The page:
Yesterday, I worked as a Poll Manager for the first time (sidenote: Managers are lowest level, Clerks are in charge. Weird, no?). I decided to work at the polls for the day because: a) I have a flexible job and lifestyle that allows me to be gone for a full day, and b) my polls are usually staffed by friends of mine from church, all of whom are over age 65. I didn’t want them to work during the pandemic, so that means I needed to.
I was assigned to work in a small town in Upstate SC (I'm not including the name in an attempt to protect possible privacy issues). This town had a population of just over 800 in the 2010 census. Currently, the precinct has a total of 1,293 registered voters, who live in parts of three towns and even the edge of one city. About 220 of them voted early.
Some of my fellow poll managers worked at this same precinct in 2016, and they had processed an almost 25% voter rate. Yesterday, we saw 713 voters (55+ %). With early voting, this precinct had about 72% voter participation. It was an amazing, busy and rather exciting day.
Our location was the home of the town's Volunteer Fire Department, a small, squat concrete building of two rooms. We set up according to requirements, but the tables and voting booths were not 6’ apart, and the place was often quite crowded. We did our best.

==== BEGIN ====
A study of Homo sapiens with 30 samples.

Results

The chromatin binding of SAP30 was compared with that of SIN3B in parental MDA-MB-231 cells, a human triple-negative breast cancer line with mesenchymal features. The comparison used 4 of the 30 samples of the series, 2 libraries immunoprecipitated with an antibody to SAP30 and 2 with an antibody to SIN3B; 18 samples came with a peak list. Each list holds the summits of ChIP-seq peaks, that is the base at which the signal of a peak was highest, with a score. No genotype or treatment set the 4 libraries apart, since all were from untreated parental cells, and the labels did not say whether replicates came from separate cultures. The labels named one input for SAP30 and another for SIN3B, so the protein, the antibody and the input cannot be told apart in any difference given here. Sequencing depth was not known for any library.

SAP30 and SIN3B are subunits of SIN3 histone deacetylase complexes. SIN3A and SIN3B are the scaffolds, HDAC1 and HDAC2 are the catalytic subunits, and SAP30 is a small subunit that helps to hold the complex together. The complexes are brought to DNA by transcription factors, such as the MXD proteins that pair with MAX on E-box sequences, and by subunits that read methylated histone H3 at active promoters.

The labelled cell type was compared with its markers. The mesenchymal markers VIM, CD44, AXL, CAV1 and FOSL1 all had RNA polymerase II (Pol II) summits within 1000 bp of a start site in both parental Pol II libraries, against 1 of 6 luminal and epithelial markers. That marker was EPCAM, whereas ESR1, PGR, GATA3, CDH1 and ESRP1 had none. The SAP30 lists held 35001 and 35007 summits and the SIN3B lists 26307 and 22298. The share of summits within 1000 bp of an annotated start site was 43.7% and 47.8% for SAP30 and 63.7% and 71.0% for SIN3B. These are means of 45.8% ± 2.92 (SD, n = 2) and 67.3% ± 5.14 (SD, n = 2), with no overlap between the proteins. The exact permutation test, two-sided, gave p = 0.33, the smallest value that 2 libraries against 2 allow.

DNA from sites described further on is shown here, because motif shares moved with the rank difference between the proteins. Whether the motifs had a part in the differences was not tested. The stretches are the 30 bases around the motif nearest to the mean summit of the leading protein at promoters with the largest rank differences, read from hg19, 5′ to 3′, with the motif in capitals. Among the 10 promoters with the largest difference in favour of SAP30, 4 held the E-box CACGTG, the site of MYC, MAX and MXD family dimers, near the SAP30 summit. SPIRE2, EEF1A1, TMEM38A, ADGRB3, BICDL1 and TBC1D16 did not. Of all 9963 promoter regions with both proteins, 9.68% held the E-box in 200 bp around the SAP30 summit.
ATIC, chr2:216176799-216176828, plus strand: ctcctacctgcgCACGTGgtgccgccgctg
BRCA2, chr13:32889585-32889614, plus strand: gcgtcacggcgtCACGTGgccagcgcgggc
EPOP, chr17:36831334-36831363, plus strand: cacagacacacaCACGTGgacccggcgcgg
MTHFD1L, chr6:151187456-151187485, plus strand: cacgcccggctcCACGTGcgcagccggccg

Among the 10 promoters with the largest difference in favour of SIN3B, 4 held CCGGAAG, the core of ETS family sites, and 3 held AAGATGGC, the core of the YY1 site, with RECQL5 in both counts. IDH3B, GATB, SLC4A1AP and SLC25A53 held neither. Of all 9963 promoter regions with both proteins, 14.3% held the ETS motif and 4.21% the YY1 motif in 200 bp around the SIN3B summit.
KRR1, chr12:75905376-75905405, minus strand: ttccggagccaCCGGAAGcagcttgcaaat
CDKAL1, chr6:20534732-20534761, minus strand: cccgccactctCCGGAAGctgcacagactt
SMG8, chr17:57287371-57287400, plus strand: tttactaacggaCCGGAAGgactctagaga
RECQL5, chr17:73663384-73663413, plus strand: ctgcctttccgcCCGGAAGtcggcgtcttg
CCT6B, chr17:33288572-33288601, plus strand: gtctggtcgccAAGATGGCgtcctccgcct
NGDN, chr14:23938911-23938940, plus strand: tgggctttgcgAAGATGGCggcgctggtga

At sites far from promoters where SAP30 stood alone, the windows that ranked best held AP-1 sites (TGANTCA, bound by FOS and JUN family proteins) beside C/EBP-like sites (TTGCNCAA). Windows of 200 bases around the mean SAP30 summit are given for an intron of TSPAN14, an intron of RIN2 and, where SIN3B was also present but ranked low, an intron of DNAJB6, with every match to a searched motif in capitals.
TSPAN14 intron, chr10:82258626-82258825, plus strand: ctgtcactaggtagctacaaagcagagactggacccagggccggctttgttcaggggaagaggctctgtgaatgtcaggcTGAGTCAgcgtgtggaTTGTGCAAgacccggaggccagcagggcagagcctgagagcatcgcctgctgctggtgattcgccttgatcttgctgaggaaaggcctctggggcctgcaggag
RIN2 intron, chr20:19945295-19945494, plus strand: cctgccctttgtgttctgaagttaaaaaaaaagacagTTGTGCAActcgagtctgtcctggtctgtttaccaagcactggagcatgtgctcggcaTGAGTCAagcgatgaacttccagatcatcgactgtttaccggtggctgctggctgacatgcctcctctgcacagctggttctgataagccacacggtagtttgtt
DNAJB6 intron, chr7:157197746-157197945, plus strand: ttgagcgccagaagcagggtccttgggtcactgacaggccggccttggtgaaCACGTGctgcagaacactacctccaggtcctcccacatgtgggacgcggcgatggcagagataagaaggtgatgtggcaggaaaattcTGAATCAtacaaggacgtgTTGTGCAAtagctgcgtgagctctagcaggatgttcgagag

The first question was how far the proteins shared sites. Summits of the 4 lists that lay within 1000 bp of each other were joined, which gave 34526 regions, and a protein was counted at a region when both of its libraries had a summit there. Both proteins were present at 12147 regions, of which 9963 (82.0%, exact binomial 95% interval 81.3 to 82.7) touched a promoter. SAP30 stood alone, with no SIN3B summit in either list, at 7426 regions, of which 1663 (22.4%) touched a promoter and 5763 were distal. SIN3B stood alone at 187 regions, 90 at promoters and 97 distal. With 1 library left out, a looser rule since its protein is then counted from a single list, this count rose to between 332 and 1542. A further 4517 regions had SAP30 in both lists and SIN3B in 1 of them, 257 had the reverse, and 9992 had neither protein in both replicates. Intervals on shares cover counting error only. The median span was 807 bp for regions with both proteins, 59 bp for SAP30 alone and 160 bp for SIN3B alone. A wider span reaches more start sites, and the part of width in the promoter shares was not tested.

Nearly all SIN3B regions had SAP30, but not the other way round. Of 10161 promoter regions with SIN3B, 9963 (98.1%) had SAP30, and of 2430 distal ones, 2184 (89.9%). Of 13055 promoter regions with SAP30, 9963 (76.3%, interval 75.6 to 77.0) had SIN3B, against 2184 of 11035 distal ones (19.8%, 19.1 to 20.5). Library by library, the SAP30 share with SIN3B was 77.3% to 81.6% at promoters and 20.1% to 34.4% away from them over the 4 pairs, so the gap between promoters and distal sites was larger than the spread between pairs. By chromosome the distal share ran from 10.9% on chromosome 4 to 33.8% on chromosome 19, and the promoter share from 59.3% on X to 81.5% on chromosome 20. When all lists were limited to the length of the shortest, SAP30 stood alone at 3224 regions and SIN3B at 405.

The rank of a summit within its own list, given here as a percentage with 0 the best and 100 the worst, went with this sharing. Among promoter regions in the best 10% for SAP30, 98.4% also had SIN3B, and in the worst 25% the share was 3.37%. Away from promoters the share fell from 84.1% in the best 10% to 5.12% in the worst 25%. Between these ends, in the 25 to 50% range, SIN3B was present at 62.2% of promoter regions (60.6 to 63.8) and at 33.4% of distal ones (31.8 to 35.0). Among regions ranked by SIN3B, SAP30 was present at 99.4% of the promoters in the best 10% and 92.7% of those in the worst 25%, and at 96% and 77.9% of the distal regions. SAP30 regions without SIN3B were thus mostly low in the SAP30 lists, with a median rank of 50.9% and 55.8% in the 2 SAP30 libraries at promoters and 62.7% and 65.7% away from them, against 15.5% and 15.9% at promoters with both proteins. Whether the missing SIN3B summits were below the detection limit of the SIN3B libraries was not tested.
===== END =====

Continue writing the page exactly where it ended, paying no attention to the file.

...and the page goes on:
I have a lot of feelings about how things went. I knew I was in a very, very Republican district, so the Trump enthusiasm was not surprising. As I’m still working to form my thoughts and opinions, I wanted to write down some anecdotes, presented without judgment, just so I’ll remember them.
Anecdotes from helping voters:
Several people came in from doing outside work, with dirt under their fingernails and in their boots. I had to sweep halfway through the day because clods of dirt gathered under one of the booths. Many people came in uniform (nurses, linemen, security guards), and we made small talk at registration about whether they were starting a shift or ending it.
When we ran the vote tally, 87% of this precinct voted for Trump. Graham won easily, but by a smaller margin. It was a long, long day, with rarely a chance for breaks. My fellow poll managers and poll clerk were lovely, capable people. I'm glad I could serve. But I'm especially glad that I was placed far away from my bubble of friends and town. I may not have supported the same candidate as these folks, but I fully supported their right to vote (well, most of them...but that's something I'll keep to myself). It was fulfilling to see democracy at work.
And in case you're asking, after having witnessed the level of record-checking, the number of phone calls, and the sheer amount of work required to ensure physical security, I have no questions about fraud. Our county, at least, ran a smooth, tight election.